Lockheed Martin remains sole bidder for new frigates
U.S. defense industry giant Lockheed Martin has been left as the only bidder in the $3 billion project for the joint manufacture of six frigates for the Turkish navy after Ankara rejected the remaining contender BAE Systems’ proposal.
The project, however, may still not be awarded to Lockheed Martin if an agreement cannot be reached on the technical aspects of missile integration. Such an eventuality would cause the project to be shelved and then reshaped.
The long-delayed project envisions the TF-2000 frigate as a regional anti-air warfare vessel that would respond to aerial threats and also provide support functions such as command control, communication, reconnaissance and early warning. It would be bigger, heavier and more efficient in terms of war capacity than the vessels the navy has today.
The Defense Ministry last month sent a letter informing their British counterparts that Turkey was “no longer interested” in BAE Systems’ offer, an official familiar with the tender told the Hürriyet Daily News.
BAE is currently working on a new type of frigate, Type 26, which is internationally known as the Global Combat Ship (GCS). “BAE has already started the project. It was late to join. Our needs would have increased the cost. Or we would have had to review our requirements in accordance with the British Navy, but our requirements are different. BAE had also asked for a ‘license fee.’ The partnership offer would have become a model in which Turkey was financing BAE’s project,” the source told the Daily News.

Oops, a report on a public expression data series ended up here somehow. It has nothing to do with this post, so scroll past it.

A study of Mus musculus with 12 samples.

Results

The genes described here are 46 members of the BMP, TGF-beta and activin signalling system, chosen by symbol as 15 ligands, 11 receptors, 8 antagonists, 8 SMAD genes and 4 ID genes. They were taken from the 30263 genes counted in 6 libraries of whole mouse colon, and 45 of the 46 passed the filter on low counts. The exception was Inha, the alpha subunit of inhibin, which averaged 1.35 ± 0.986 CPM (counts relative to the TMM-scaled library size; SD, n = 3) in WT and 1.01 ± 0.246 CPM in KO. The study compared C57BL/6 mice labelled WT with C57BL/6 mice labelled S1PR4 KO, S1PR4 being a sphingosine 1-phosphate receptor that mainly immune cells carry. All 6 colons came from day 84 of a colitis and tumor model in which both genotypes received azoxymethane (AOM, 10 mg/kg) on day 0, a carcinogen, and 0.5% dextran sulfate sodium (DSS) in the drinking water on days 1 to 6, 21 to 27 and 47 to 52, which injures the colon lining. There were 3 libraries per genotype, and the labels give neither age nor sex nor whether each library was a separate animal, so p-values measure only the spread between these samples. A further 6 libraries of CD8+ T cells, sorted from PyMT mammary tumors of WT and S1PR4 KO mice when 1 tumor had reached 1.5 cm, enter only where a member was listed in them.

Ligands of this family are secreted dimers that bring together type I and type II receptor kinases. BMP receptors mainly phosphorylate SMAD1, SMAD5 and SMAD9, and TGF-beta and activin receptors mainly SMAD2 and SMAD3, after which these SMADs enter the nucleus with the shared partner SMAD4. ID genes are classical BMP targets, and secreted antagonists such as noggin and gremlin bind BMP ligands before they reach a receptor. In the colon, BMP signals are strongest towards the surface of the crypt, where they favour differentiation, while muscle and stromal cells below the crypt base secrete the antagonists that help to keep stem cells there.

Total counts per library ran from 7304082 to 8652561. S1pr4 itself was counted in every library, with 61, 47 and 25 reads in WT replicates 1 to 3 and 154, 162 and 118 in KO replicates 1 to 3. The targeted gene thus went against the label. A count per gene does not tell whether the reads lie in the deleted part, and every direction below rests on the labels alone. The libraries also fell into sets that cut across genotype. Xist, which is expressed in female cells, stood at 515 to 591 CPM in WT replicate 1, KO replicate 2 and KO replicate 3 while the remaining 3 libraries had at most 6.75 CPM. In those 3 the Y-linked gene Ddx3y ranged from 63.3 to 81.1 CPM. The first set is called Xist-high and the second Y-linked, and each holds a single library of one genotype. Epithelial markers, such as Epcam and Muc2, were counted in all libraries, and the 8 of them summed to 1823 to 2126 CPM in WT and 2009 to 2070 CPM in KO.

Turkey’s defense procurement agency, the Undersecretary of Defense Industries (SSM), has come close to formally selecting Lockheed Martin, but it needs to hear the Turkish Navy’s decision on the choice of missile systems, which is the most critical part of the project. The ship will be designed according to the missile systems, because of their enormous weight.
Selecting the Lockheed SM2 missile system would simplify everything, as it is not heavy. The SM3 system would mean more negotiations on many aspects. It has a wider range, which means that the system would overlap with some of the Air Forces’ air defense duty. Missile integration is another subject to be solved.
Lockheed uses AN/SPY1 radar, while Turkish company Aselsan has started working on a smaller system called Multifunctional Phased Array Radar project (ÇAFRAD). Lockheed Martin has a Ship Integrated War Administration System called Aegis, which includes the AN/SPY1 radar, but Turkish Havelsan has already manufactured a smaller version called Genesis. Turkey wants ÇAFRAD to be inserted into AN/SPY1, Genesis to replace Aegis, and this combination to be integrated with the SM3 system.
If the two sides fail to resolve the missile integration question, then a second option will be considered. Turkey has successfully manufactured a corvette under the so-called Milgem project.
Milgem would be re-designed to manufacture a light frigate for air defense warfare and would be named TF100. “We have to develop something based on Milgem or we will waste all our know-how,” an industry source said.